Welcome to justthoughtsnstuff

I started posting to jtns on 20 February 2010 with just one word, 'Mosaic'. This seemed an appropriate introduction to a blog that would juxtapose fragments of memoir and life-writing. Since 1996, I'd been coming to terms with the consequences of emotional and economic abuse that had begun in childhood, and which, amongst other things, had sought to stifle self-expression. While I'd explored some aspects of my life through fiction and, to a lesser extent, journalism, it was only in 2010 that I felt confident enough to write openly about myself. I believed this was an important part of the healing process. Yet within weeks, the final scenes of my family's fifty-year nightmare started to play themselves out and the purpose of the blog became one of survival through writing. Although some posts are about my family's suffering - most explicitly, Life-Writing Talk, with Reference to Trust: A family story - the majority are about happier subjects (including, Bampton in rural west Oxfordshire, where I live, Oxford, where I work, the seasons and the countryside, walking and cycling) and I hope that these, together with their accompanying photos, are enjoyable and positive. Note: In February 2020, on jtns' tenth birthday, I stopped posting to this blog. It is now a contained work of life-writing about ten years of my life. Frank, 21 February 2020.

New blog: morethoughtsnstuff.com.

Sunday 27 March 2011

dawn chorus, barn owl, 192, kingcups

Up early this morning because there were assignments to go through.

Went out onto the lawn with a cup of tea to enjoy the twilight. Only to be deafened by the dawn chorus. Retreated to tranquillity of kitchen.

But not before being stunned into complete immobility by the sight of a barn owl perched on our neighbour's fence. Then a particularly loud-voiced sparrow struck up and the owl morphed into a fluffy body and a very feline profile with pointy ears scowling to the left. Can't win em all.

Talking of double-takes, I was surprised to see in one entry on 192.com that the people who sold us the house ten years ago are still here, living with us. I wonder where they are.

After the owl-cat incident I cycled for an hour, coming back along the gated road, where these two pics were taken.

I was especially excited to see the kingcups, which cheered an otherwise fetid-looking ditch, whose surface was stirred by disturbing bubbly burps as I approached.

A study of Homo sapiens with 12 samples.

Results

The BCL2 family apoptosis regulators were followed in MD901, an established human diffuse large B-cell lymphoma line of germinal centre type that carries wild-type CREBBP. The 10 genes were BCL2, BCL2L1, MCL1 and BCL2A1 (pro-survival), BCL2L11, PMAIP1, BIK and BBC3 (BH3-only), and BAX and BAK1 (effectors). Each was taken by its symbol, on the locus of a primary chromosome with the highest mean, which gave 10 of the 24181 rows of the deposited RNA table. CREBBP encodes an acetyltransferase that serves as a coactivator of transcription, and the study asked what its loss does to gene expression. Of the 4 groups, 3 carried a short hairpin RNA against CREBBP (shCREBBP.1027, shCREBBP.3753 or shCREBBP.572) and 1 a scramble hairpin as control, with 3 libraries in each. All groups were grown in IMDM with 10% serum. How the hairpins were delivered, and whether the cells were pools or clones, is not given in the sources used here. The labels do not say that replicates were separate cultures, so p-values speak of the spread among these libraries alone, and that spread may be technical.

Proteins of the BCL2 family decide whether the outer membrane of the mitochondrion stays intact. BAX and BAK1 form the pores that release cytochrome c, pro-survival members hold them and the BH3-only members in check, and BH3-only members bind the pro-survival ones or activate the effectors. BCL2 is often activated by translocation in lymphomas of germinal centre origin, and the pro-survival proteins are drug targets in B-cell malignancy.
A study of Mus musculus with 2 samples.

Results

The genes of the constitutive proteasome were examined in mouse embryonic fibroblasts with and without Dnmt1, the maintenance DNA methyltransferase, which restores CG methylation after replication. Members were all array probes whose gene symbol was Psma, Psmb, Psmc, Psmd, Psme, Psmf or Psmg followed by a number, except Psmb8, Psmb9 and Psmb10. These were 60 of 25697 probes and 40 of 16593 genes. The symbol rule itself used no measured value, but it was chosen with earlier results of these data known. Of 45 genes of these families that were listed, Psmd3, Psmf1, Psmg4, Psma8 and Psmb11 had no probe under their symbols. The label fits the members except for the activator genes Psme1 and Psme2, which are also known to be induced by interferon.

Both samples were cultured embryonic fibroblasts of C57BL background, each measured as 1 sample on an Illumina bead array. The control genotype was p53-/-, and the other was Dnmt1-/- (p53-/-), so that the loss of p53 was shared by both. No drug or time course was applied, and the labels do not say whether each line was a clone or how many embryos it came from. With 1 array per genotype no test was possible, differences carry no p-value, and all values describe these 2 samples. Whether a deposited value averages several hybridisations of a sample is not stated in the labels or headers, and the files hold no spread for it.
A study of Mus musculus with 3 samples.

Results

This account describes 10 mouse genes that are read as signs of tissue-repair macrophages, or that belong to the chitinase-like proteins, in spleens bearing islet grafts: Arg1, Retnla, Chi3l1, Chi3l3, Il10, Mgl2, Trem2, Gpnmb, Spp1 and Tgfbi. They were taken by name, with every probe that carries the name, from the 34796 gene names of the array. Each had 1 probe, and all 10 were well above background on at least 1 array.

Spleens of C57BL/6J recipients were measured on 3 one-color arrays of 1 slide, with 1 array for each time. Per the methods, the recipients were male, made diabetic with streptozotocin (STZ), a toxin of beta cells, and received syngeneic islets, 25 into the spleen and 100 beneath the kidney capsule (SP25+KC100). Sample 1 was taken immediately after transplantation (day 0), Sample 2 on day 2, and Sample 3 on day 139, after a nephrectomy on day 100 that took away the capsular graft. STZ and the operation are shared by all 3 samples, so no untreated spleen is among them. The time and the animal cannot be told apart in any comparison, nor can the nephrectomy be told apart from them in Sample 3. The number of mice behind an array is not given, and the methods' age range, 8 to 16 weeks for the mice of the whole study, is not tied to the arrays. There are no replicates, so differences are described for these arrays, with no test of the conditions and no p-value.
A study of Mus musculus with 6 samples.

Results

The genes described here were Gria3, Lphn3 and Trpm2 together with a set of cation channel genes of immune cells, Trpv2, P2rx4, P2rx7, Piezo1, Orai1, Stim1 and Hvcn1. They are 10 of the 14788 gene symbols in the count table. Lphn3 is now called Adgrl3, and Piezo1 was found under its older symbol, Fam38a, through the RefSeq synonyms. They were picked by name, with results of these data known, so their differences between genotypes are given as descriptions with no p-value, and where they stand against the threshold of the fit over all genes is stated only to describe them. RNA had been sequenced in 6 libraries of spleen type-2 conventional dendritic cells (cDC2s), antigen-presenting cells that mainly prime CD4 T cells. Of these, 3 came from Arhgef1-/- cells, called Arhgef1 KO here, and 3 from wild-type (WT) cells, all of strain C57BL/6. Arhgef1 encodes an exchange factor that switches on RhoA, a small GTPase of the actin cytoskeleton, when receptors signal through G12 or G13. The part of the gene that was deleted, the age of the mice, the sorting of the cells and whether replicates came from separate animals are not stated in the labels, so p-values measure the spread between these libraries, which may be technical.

Friday 25 March 2011

fog, thames and time off

Love this weather. Such a surprise.

Had to be in Oxford for 8 am MSt meeting this morning, so drove rather than bussed it. Stopped to take a couple of pics from Tadpole Bridge looking east along the Thames into the fog and sun.

By the time I crossed the Thames again--on foot over Osney Bridge--the fog had lifted and the city was hotting up.

Great to have afternoon off yesterday and today. I say 'off' but there have been masses of catch-up things to do. Fun, though. Off to dig on allotment shortly.

Sunday 20 March 2011

kelmscott spring walk

Did the Kelmscott circular walk this afternoon--the one that takes you by the Thames to Buscot Lock and back along the Lechlade road. The last time we did it was during the snows in between Christmas and New Year (see post, Tuesday 28th December 2010).

This time, the sun was shining and the land was fresh and new. The banks of the Thames between to boatyard, above, and the lock are lined with reeds.

Sat out in the garden at the Plough. Good pint of Lechlade Thames Tickler.

Friday 18 March 2011

bampton moon

By-the-by a beautiful nearly full moon this evening.

west hanney

Long lie-in. Such a treat on a Friday.

Had a Times Eat Out for £5 lunch at the Plough, West Hanney--a great little pub in a beautiful village. Now in Oxfordshire but before the boundary changes in the 1970s in West Berkshire. Definitely has a West Berks feel--red brick, thatch, dark beamed bar. Delicious lightly malty Vale Brewery Best on handpump.

Lovely walk after lunch, which we first did in late summer last year. Much more stark this time, walking south of the village: a deep field of spring corn, a brake of skeletal trees and the Ridgeway beyond.

The return journey is by a green lane, fallen burdock along its route, fresh grass growing up, a clump of wild-ish daffodils.

Tuesday 15 March 2011

bloomin spring

It's a change not to be reading students' work on the bus to Oxford. I have time to look at the spring landscape.

At Standlake, the meadows by the river Windrush have a fine mist over them, which makes the grass seem even more green than in the sun.

Beyond Northmoor, looking towards the Thames, the mist has turned to fog and the escarpment below Appleton is hidden.

Although much of this year has been dry and not too cold the memory of the snows round Christmas lasts and it seems a relief to feel the days getting warmer. It feels like it's been a long winter. Not one that has left me feeling depleted, as some do, but as if I have been in a state of walking hibernation.

Yesterday lunchtime, I had to drop a letter off at Stanford and went via Queen's Lane. As I rounded one of the sharp bends I suddenly realised that the air above me was alive with buzzing. Masses of tiny bees hovered round the buds of one of the New College trees.

Returning along the High Street, I was excited to see the cherry outside St Mary's, the University Church in flower. I missed it last year. This time it seems earlier than usual.

Meanwhile, in Bampton the daffs that ring the bases of the line of limes in our street are out.